I have been meaning for a few days to respond to this query on the law of land warfare posted recently at La Riposte:

Article 25 of the Hague Convention on the Law of Land Warfare states “The attack or bombardment, by whatever means, of towns, villages, dwellings, or buildings which are undefended is prohibited” and violation of this article is listed as a War Crime under Article 8 of the Rome Statute of the International Criminal Court.

Do American drone attacks on family compounds within Afghanistan and Pakistan, believed to be occupied by members of the Taliban violate Article 25? It is difficult to imagine how such a building, located in a village full of civilians could be construed as being defended, especially against an unmanned aircraft flying 25,000 feet overhead. Adequate defense against such an attacker would have to consist of air-defense artillery or missiles with a sophisticated tracking system to locate and engage the small, quiet drones.

Let’s consider a couple of justifications that might possibly be made for what appears, on the surface, to be an egregious violation of the Laws of Land Warfare. First, someone might claim that the building wasn’t the target – it was only a particular person or persons inside the building who were the targets, and the nature of the structure they were occupying was immaterial. But using that logic, such persons could be legitimately targeted anywhere, including schools, mosques, hospitals, and any other building.

It’s also possible someone could claim that just because there were people in the house who possessed guns, the building was “defended.” Such an argument rings hollow on several counts. First, inhabitants of Pakistan’s tribal areas are allowed to have weapons, precisely for the defense of their persons and property. Second, simply because the occupant of a building has a weapon, it doesn’t mean they will use it defensively. If approached by military or police forces they may choose to run away, to surrender, or to fight. Only in the latter case would the building become a “defended” position and thus merit bombardment.

I have only two things to add to this analysis, with which I generally concur. The first is that the general prohibition in the original Hague Conventions, reiterated in the Rome Statute, is also given more nuance by Articles 48-57 of the First Additional Protocol to the Geneva Conventions of 1977. Some of the treaty law relevant to this question includes:

From Article 48:

The provisions of this Protocol with respect to attacks apply to all attacks in whatever territory conducted, including the national territory belonging to a Party to the conflict but under the control of an adverse Party.

From Article 49, which among other things suggests these rules probably apply not only in Afghanistan but also in Pakistan, Yemen and elsewhere in this “globalized” “war”:

“The provisions of this Protocol with respect to attacks apply to all attacks in whatever territory conducted, including the national territory belonging to a Party to the conflict but under the control of an adverse Party.”

Article 51 spells out more closely the definition of “civilians,” but in terms of the question asked by E. about dwellings, it is the definition of “civilian objects” that really matters, and that is in Article 52:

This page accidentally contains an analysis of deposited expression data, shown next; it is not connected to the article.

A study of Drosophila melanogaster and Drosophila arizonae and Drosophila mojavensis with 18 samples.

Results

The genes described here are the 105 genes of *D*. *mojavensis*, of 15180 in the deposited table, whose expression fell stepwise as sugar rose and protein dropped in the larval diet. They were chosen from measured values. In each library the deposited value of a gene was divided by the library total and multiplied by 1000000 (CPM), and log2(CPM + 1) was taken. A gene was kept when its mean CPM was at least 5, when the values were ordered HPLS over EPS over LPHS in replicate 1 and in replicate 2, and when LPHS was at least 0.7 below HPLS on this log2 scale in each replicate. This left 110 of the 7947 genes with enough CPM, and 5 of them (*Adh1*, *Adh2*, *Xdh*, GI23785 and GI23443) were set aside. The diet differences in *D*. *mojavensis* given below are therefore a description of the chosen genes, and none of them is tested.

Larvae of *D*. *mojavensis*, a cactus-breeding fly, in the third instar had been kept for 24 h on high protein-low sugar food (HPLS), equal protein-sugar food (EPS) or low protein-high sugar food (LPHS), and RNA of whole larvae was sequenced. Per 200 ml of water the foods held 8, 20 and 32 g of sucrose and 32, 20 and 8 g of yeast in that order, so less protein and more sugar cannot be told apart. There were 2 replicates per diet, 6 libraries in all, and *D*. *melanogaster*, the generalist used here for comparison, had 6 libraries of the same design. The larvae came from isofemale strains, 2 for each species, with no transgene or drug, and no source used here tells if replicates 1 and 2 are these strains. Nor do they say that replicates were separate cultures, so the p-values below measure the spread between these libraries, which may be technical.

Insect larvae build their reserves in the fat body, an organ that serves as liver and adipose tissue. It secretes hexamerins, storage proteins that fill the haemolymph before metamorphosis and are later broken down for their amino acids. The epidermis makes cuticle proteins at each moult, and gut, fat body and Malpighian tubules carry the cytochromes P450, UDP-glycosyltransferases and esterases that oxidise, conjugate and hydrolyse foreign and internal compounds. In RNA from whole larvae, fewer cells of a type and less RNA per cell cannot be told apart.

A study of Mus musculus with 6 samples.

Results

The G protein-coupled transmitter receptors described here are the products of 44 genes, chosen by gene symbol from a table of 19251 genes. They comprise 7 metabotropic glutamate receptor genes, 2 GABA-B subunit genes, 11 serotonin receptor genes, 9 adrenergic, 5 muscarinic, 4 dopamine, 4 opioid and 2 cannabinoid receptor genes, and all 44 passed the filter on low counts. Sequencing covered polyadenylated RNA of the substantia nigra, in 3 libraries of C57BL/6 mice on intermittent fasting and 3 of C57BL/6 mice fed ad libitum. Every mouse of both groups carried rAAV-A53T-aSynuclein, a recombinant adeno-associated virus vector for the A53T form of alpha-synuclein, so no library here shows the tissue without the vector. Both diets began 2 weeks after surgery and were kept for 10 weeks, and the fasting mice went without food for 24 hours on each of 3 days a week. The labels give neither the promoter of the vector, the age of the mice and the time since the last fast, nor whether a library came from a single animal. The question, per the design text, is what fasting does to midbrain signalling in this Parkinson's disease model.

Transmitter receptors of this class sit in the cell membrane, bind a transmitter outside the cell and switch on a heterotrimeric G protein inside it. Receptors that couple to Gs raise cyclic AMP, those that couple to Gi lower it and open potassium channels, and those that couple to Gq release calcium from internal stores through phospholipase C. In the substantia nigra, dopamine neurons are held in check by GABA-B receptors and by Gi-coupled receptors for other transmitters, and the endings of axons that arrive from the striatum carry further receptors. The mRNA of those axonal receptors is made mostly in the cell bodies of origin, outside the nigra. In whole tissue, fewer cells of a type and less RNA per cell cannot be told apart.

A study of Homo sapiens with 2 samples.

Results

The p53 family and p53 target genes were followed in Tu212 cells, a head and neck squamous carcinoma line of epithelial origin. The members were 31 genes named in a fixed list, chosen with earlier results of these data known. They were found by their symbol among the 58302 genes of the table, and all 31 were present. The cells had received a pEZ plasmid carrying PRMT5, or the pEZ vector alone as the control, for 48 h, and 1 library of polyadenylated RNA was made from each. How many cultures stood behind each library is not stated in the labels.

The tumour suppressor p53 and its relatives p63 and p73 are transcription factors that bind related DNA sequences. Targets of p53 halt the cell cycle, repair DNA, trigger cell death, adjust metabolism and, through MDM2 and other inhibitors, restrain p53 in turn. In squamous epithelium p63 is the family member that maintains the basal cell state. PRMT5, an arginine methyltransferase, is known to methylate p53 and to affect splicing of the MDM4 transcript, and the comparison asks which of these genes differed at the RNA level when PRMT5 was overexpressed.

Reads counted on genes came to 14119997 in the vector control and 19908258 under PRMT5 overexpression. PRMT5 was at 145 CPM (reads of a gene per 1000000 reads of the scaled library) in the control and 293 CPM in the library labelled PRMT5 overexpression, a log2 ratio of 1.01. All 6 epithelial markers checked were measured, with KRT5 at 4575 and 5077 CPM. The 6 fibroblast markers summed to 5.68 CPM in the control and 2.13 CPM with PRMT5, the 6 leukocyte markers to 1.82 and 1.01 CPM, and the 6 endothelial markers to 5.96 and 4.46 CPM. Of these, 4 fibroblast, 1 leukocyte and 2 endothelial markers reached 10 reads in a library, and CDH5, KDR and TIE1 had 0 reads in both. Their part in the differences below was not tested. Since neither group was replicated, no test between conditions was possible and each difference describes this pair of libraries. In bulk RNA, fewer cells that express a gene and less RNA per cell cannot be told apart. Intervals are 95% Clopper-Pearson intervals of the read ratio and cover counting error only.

para. 1: Civilian objects shall not be the object of attack or of reprisals. Civilian objects are all objects which are not military objectives as defined in paragraph 2.

para. 2: Attacks shall be limited strictly to military objectives. In so far as objects are concerned, military objectives are limited to those objects which by their nature, location, purpose or use make an effective contribution to military action and whose total or partial destruction, capture or neutralization, in the circumstances ruling at the time, offers a definite military advantage.

para. 3: In case of doubt whether an object which is normally dedicated to civilian purposes, such as a place of worship, a house or other dwelling or a school, is being used to make an effective contribution to military action, it shall be presumed not to be so used.

Finally, Article 57 outlines precautions to be taken prior to attacks, including in particular:

all feasible precautions in the choice of means and methods of attack with a view to avoiding, and in any event to minimizing, incidental loss of civilian life, injury to civilians and damage to civilian objects;

Now note that the precautions to be taken are those to avoid civilian deaths rather than injury to one’s own forces, which suggests to me that the use of unmanned craft at all in situations such as these is particularly galling, since part of the key purpose of drones, and air power in general, is the minimization of harm to our ground forces.

Now here’s the catch, however. The United States is not a party to the Additional Protocol I, so in international law terms the question of whether the US must adhere to these rules remains open. One argument sometimes made is that these rules are accepted by so many states they have the status of binding customary law. The International Committee of the Red Cross has in fact, has made this claim; though others such as David McGrogan demur.

One way to look at this, however, is that AP1 constitutes not a set of new rules but rather a widely recognized clarification of the general prohibition in the original Hague treaty (to which the US is a party) and that therefore it is reasonable to assume that the US ought to be following these guidelines if it means to conform to Hague rules.

My final comment on this query, however, is to say that the key ethical concerns here are not really about drones per se, but about the use of air power at all in civilian areas where the goal is simply to pick off a small number of specific individuals.